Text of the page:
Sweet 16

| January 01, 2007

“A classic truck should make the driver’s job easier and make it comfortable,” he says. “I have to drive this truck for five years, and I’ll enjoy it every day. That makes a huge difference.

“A classic is more than looks and chrome; it is a truck that makes a user a better trucker, and the Classic XL does that.”

Freightliner FLD
The FLD is not in Freightliner’s product line any more, but the company says it was one of the greatest trucks it has made in its history. Introduced in the mid-1980s and retired in 2002 (in the NAFTA market), the FLD was the “go to” truck for on-highway fleets, says Freightliner. Easy to maintain, reliable and quiet, the FLD was a solid truck with a large and durable yet lightweight reinforced aluminum cab that minimized vibration and noise. The FLD also offered Freightliner’s first integral sleeper.

Peterbilt 359
According to American Truck Historical Society Managing Director Bill Johnson (see sidebar on page 21), the 359 deserves classic credit for leading the way for the 379, which became its successor in 1987. The 359 hit the road running on April 12, 1967, and more than 14,000 were sold before they went off production in 1987.

When it was introduced, the 359 was the first wide-nosed conventional. Peterbilt produced a limited edition at the end of its run, just as it will do next year with the Legacy edition of the 379.

The 359 boasted a number of firsts or unique attributes, some of which (*) were carried over to the 379:

  • First air-assisted hood tilt

  • First all-aluminum tilt hood*
  • Aircraft quality huckbolt construction*
  • Tilt-out dash for easy maintenance
  • Corvette-style dash and instrumentation
  • 90-degree cab door opening*
  • 90-degree hood tilt*

Peterbilt 379
“Few products in the history of the industry have achieved the level of renown as the Model 379,” says Dan Sobic, Peterbilt general manager and PACCAR vice president. “It defined the appearance and performance expectations for a generation of trucks.”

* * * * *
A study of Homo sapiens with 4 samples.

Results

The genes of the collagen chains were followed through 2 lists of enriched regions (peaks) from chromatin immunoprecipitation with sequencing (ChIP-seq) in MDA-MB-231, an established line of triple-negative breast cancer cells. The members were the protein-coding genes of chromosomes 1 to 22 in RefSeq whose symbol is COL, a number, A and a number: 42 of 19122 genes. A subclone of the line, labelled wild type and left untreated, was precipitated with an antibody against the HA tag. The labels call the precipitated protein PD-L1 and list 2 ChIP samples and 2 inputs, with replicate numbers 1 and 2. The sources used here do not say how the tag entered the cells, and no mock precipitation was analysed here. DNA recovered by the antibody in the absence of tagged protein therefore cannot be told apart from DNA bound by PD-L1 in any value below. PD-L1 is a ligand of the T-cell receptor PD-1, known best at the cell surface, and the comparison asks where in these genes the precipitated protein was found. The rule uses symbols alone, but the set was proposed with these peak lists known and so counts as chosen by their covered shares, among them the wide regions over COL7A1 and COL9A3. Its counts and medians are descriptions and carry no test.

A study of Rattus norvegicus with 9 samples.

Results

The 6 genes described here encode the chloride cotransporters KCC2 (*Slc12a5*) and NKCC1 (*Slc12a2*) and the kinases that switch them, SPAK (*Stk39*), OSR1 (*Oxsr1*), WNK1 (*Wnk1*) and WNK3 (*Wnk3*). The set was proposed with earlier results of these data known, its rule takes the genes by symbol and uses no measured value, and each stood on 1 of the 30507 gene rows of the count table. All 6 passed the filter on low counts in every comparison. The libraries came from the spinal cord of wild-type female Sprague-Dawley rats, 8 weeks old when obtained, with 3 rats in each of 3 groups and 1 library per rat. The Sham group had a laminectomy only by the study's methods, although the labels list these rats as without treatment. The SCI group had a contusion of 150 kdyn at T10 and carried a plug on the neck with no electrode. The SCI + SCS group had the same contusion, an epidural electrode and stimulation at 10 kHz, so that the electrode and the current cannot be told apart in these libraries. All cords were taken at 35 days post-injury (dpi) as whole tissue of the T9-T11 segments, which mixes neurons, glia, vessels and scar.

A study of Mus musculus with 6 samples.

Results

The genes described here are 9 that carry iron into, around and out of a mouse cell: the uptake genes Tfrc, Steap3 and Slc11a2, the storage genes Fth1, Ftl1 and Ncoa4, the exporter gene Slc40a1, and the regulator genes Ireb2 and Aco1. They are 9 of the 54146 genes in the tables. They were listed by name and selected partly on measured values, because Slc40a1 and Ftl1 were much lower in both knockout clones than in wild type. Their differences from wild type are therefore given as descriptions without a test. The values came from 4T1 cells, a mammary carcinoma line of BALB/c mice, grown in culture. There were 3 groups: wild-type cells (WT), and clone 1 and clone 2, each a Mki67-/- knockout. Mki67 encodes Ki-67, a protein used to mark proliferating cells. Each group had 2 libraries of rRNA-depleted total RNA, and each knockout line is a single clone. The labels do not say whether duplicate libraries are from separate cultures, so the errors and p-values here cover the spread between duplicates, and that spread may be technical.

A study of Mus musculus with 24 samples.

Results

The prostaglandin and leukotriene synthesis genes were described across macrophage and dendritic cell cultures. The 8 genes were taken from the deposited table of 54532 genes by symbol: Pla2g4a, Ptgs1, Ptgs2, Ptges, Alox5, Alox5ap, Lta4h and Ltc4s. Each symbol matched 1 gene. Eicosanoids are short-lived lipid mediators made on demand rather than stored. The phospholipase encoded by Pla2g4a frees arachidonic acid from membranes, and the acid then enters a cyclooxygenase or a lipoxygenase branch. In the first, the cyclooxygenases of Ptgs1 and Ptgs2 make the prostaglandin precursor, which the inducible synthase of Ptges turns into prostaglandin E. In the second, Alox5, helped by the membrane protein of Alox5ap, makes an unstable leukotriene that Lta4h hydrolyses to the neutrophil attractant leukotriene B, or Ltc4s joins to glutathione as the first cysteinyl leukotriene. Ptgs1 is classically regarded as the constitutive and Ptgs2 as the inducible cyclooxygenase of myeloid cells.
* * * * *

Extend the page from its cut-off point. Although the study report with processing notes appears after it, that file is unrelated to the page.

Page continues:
This is the last year for the 379. The final 1,000 units produced will be commemorated with a Legacy Class Edition, limited to the extended-hood, 127-inch BBC configuration. More than 230,000 Model 379s have hit the road after the very first, chassis number 205168, rolled off the assembly line on October 18, 1986. In its 20-year run the 379 has accounted for the majority of Peterbilt’s production (including on- and off-highway vehicles).

Kenworth T600
Kenworth’s aerodynamic T600, introduced in 1985, “helped revolutionize the trucking industry,” says the company. The design originated in 1976 with wood and wax models, to test different shapes and configurations, often at the University of Washington’s wind tunnel in Seattle. The biggest advantage of the new truck was in fuel use. A standard straight hood conventional tractor was tested, the hood was removed and the truck was reconfigured like the Kenworth T600.The aerodynamic turned out to be 22 percent more fuel efficient.

While the Kenworth T600′s sloped hood drew most of the attention, the truck was loaded with other innovations. A set-back front axle allowed for easier front axle loading. New 64-inch taper-leaf springs provided a much improved ride, and the turning radius was 23 percent less than on other conventional trucks. The new design also reduced splash and spray by 50 percent.

Kenworth W900
With its long hood and distinctive cathedral grille, the W900 embodies “the classic look that never goes out of style,” says the company. The reputation of the W900 for outstanding reliability and performance is reflected in its higher residual value, says Kenworth.

The W900 is designed and built for driver comfort with a quiet cab, controls where you need them and high-quality interior appointments, the company says. Also, the proprietary eight-bag air suspension and cab/sleeper suspension combine to provide an exceptionally smooth ride.